Can anyone really say that they’re shocked that the National Security Agency has been listening in on our “friends” such as like German Chancellor Angela Merkel?

After all, today’s friend may not always become tomorrow’s adversary, but international politics and nationalistic self-interests can have allies playing both sides of the line. It gives credence to the saying “with friends like these, who needs enemies?”

Don’t forget it was not that long ago that France was actively supporting Libya’s terrorist leader Muammar Gaddafi in the interest of keeping their oil flowing, and that Italy’s Prime Minister Bettino Craxi had warned Gaddafi two days before a secret American air strike was aimed at him.

More disturbing is the claim by the White House that President Barack Obama didn’t know that the NSA was spying on Merkel and other leaders around the globe until this summer, according to a report in the Wall Street Journal. That raises all kinds of questions. Is the president telling the truth? Or was it a conscious decision to keep him out of the loop, providing him with “credible deniability?”

Who, then, has been making the decisions on the extent and reach of the NSA spying?

As reported in the Washington Post, briefings for the president are often focused on the pressing issues, ones that normally involve people, places and nations that don’t meet the grade as ally, let alone a supposedly trusted ally.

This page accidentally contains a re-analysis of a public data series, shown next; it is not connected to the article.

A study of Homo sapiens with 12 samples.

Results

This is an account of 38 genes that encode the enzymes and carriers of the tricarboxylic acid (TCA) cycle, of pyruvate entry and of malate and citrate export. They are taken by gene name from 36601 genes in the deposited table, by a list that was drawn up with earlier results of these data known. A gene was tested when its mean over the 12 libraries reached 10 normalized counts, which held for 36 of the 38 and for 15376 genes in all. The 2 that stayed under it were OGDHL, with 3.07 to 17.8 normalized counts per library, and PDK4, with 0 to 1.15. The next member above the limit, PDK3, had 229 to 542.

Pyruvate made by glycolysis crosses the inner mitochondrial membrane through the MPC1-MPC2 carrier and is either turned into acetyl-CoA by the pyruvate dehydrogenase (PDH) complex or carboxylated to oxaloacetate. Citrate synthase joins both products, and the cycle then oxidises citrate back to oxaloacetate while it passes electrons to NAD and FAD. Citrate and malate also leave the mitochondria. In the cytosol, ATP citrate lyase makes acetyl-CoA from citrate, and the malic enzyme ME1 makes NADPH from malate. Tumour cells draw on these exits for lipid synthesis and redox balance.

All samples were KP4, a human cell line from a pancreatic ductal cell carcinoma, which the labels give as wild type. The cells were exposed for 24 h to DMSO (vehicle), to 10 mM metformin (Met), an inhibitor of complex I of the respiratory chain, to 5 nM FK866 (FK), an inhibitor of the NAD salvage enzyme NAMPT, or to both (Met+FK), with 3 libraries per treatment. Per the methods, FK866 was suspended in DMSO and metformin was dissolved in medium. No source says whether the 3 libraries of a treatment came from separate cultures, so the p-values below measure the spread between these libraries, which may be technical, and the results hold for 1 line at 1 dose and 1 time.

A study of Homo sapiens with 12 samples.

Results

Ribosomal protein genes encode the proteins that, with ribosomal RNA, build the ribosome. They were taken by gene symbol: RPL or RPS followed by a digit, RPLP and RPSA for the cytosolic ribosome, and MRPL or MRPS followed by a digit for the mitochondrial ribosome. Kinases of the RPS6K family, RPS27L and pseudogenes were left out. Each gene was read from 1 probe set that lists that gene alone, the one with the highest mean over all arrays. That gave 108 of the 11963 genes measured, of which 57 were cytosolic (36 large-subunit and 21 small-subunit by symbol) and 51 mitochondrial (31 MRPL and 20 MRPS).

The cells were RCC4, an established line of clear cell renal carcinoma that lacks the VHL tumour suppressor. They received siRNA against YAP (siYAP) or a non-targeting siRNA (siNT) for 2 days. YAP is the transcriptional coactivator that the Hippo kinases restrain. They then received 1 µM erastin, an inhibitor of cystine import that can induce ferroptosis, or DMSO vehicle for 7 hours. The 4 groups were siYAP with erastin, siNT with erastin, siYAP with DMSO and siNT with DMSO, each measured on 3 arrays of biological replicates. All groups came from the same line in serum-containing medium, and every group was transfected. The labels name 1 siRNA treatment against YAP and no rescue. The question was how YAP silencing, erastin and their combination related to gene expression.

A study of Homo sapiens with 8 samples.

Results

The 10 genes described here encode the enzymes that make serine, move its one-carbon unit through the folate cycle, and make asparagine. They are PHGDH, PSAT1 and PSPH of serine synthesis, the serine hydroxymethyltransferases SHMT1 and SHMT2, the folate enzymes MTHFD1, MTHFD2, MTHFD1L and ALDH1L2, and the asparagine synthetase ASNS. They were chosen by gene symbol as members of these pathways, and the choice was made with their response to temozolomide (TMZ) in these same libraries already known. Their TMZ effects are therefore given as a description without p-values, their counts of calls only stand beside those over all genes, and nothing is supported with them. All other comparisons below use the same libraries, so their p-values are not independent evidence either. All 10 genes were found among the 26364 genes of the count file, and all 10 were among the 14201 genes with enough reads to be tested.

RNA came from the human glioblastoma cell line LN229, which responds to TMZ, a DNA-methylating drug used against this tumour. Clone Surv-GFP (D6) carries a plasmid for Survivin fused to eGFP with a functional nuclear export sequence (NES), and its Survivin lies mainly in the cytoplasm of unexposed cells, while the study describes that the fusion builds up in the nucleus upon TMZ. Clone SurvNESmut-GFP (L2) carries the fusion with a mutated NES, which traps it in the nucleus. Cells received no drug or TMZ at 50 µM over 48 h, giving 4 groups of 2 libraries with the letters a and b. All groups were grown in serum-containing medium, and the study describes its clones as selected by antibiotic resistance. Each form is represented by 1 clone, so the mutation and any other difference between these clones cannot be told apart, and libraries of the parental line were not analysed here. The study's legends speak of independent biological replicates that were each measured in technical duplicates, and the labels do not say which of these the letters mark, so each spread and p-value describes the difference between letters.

That argument runs that the president of the United States cannot be expected to know everything that all of the departments, agencies, etc., are doing. Anyone sitting in the Oval Office who tried to micromanage it all on a daily basis wouldn’t be long for the job.

Remember Jimmy Carter?

But when the president did learn of this activity, just how much information did he ask for? Did he know the full extent of what the NSA has been doing? Was he informed, for example, that the NSA monitored more than 60 million phone calls in Spain, according to the Spanish newspaper El Mundo, or that a similar number of calls in France were logged?

Consider what Obama said in August: “I want to make clear once again that America is not interested in spying on ordinary people. Our intelligence is focused, above all, on finding the information that’s necessary to protect our people and, in many cases, protect our allies. It’s true we have significant capabilities. What’s also true is we show a restraint that many governments around the world don’t even think to do, refuse to show.”

Did he or others in the White House and NSA think that somehow this wouldn’t come out? And finally, did Obama decide to cut off the program because the government got caught or because we just don’t do this to our allies?

The American public deserves better answers than the ones it has been getting so far. And that also includes what else is being kept from the American people and, possibly, the president.